International research consortium proposes methodological advancements in the management sciences

Horst Treiblmaier, Head of the Department of International Management, was part of an international group of scholars who recently published a study titled ‘Breaking free from the limitations of classical test theory: Developing and measuring information systems scales using item response theory’’ in the Journal of Information and Management.

Over the past decades researchers have developed sophisticated procedures to build and validate multi-item scales that measure latent constructs, which cannot be measured directly. Examples include an individual’s intelligence or the level of satisfaction with a company’s service. The vast majority of studies use classical test theory (CTT), but this approach suffers from three major theoretical shortcomings: (1) it assumes a linear relationship between the latent variable and observed scores, which rarely represents the empirical reality of behavioral constructs; (2) the true score can either not be estimated directly or only by making assumptions that are difficult to be met; and (3) parameters such as reliability, discrimination, location, or factor loadings depend on the sample being used. To address these issues, a research consortium consisting of Thomas Rusch (WU Vienna), Patrick Mair (Harvard University), Paul Benjamin Lowry (University of Hong Kong) and Horst Treiblmaier (MODUL University) investigated item response theory (IRT) as a collection of viable alternatives for measuring continuous latent variables.

As Dr. Treiblmaier states “it was our goal to demonstrate that alternative forms of measurement exist, which are tested and highly underestimated in the management sciences. I am happy to say that MODUL University is active in the field of methodological research, which builds the foundation for all applied research projects”. The results are now published in the international journal “Information and Management”.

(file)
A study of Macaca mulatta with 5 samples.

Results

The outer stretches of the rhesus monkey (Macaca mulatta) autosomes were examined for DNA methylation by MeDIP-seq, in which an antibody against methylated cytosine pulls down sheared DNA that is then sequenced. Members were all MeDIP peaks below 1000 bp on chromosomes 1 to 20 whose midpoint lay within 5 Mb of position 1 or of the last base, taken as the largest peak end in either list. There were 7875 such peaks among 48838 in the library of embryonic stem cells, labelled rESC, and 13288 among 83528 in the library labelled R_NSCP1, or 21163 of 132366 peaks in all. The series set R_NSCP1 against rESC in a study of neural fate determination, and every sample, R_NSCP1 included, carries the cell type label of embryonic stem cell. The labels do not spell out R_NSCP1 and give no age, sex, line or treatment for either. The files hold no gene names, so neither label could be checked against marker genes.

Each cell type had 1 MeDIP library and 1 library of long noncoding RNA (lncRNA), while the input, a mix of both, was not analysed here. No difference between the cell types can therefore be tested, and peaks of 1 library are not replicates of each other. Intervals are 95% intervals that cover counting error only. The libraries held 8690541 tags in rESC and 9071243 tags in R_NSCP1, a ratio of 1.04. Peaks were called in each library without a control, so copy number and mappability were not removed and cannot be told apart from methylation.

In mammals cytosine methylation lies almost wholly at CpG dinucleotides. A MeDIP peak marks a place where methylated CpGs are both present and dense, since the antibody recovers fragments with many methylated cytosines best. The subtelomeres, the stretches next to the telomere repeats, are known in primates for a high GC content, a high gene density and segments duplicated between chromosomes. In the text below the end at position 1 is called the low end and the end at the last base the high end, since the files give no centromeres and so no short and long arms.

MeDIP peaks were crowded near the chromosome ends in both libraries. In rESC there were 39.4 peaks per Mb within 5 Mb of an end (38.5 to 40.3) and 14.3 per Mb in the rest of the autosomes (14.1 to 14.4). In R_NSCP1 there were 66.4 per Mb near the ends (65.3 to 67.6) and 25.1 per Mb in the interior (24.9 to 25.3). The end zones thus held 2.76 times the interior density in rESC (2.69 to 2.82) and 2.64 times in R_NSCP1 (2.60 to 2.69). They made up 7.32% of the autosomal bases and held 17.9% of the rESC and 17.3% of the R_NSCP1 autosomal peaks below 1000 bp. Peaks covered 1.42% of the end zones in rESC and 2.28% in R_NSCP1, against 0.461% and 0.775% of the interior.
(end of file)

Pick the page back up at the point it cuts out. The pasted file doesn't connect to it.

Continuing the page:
IRT offers several advantages: over CTT: (1) it assumes nonlinear relationships; (2) it allows more appropriate estimation of the true score; (3) it can estimate item parameters independently of the sample being used; (4) it allows the researcher to select items that are in accordance with a desired model; and (5) it applies and generalizes concepts such as reliability and internal consistency, and thus allows researchers to derive more information about the measurement process. In their paper the authors demonstrate how a scale for measuring hedonic aspects of websites is developed under both approaches. The results illustrate how IRT can be successfully applied in research projects and provide better scale results than CTT. The authors conclude by explaining the most appropriate circumstances for applying IRT, as well as the limitations of IRT. A short video which outlines the content of this publication can be found on the publisher's website.